This review was originally published on March 8, 2011 and is being republished for Roger's birthday."I Will Follow" doesn't tell a story so much as try…


This review was originally published on September 14, 1992 and is being republished for Roger's birthday.Dear Raven and Emil:


Ashes in the Snow Movie Review


In “Ashes in the Snow,” the focus is on talented young Lina, a citizen of and living in Lithuania played with wide eyes and a general sense of troubled quietude by Bel Powley. A talented graphic artist, she seems to her mother Elena to be too withdrawn. But to her noble, compassionate father, she is a genuinely inspired soul. Their sunny family life—pre-arrest life, as seen in the beginning of the film and in subsequent flashbacks, is pretty much the only time in Lina’s life in which the sun is seen shining—is disrupted by an arrest of the whole family, and father is separated from the rest of his brood as Lina and mom and others are herded into trains headed for the remote region of Altai.

There is much that is familiar in this film, both in terms of formal approach and action. The ostensibly Lithuanian characters all speak English while the arresting and imprisoning soldiers bark in Russian. To underscore the horror of the prison-bound women’s situation, an infant dies on the train and a soldier refuses to allow its burial. Anybody speaks up in a way that irritates a particular Russian and it’s off to the side, on your knees, and boom, a bullet to the back of the head.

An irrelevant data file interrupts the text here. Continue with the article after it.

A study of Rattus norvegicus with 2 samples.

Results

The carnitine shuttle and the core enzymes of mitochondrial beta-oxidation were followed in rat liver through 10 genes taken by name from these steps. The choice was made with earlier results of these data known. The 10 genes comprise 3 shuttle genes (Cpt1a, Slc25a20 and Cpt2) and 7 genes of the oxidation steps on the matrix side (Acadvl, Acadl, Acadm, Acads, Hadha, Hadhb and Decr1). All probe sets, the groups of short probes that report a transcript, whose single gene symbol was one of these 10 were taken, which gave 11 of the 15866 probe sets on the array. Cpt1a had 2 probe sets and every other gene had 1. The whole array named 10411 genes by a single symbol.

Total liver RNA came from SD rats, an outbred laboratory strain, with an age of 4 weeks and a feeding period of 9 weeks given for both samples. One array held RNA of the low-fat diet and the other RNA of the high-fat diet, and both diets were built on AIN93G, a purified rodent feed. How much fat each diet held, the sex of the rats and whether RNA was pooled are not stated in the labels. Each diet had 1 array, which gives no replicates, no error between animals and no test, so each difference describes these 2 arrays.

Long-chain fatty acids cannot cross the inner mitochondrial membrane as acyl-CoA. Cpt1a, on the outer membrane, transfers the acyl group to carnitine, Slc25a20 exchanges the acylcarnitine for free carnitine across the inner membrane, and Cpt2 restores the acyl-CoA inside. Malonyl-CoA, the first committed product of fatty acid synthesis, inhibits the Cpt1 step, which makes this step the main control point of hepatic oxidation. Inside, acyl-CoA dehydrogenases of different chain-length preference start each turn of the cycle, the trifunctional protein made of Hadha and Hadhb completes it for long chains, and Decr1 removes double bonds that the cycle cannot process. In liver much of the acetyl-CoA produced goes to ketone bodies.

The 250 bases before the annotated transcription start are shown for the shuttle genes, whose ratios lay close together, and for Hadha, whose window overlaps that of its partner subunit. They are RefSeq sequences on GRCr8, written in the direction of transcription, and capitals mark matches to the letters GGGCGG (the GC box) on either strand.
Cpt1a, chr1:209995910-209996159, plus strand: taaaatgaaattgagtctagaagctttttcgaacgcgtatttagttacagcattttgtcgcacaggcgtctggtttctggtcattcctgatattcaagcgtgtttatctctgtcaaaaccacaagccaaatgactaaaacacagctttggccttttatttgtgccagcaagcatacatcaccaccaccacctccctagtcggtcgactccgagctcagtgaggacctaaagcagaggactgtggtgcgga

The depictions of degradation and sadism are arguably accurate, yes. But they’re executed in a context that’s almost entirely free of meaningfully specific historical detail, to the extent that one comes to suspect this movie of commodifying human suffering. I haven’t read the novel, but the script and direction seem so intent on making Lina and her situation immediately “relatable” (this is the first period film penned by Jones, whose prior output included contemporary dramas about youngish protagonists including “Like Crazy”) that the events seem to take place in a world specially created to accommodate them. They’re dealing with actual historical atrocities and tragedies, and distilling them into another resilience-of-the-human-spirit bromide. We know nothing of Lina except her shyness before imprisonment and her defiance after; there’s no sense of character richness, only of her simplistic functions within a glum parable.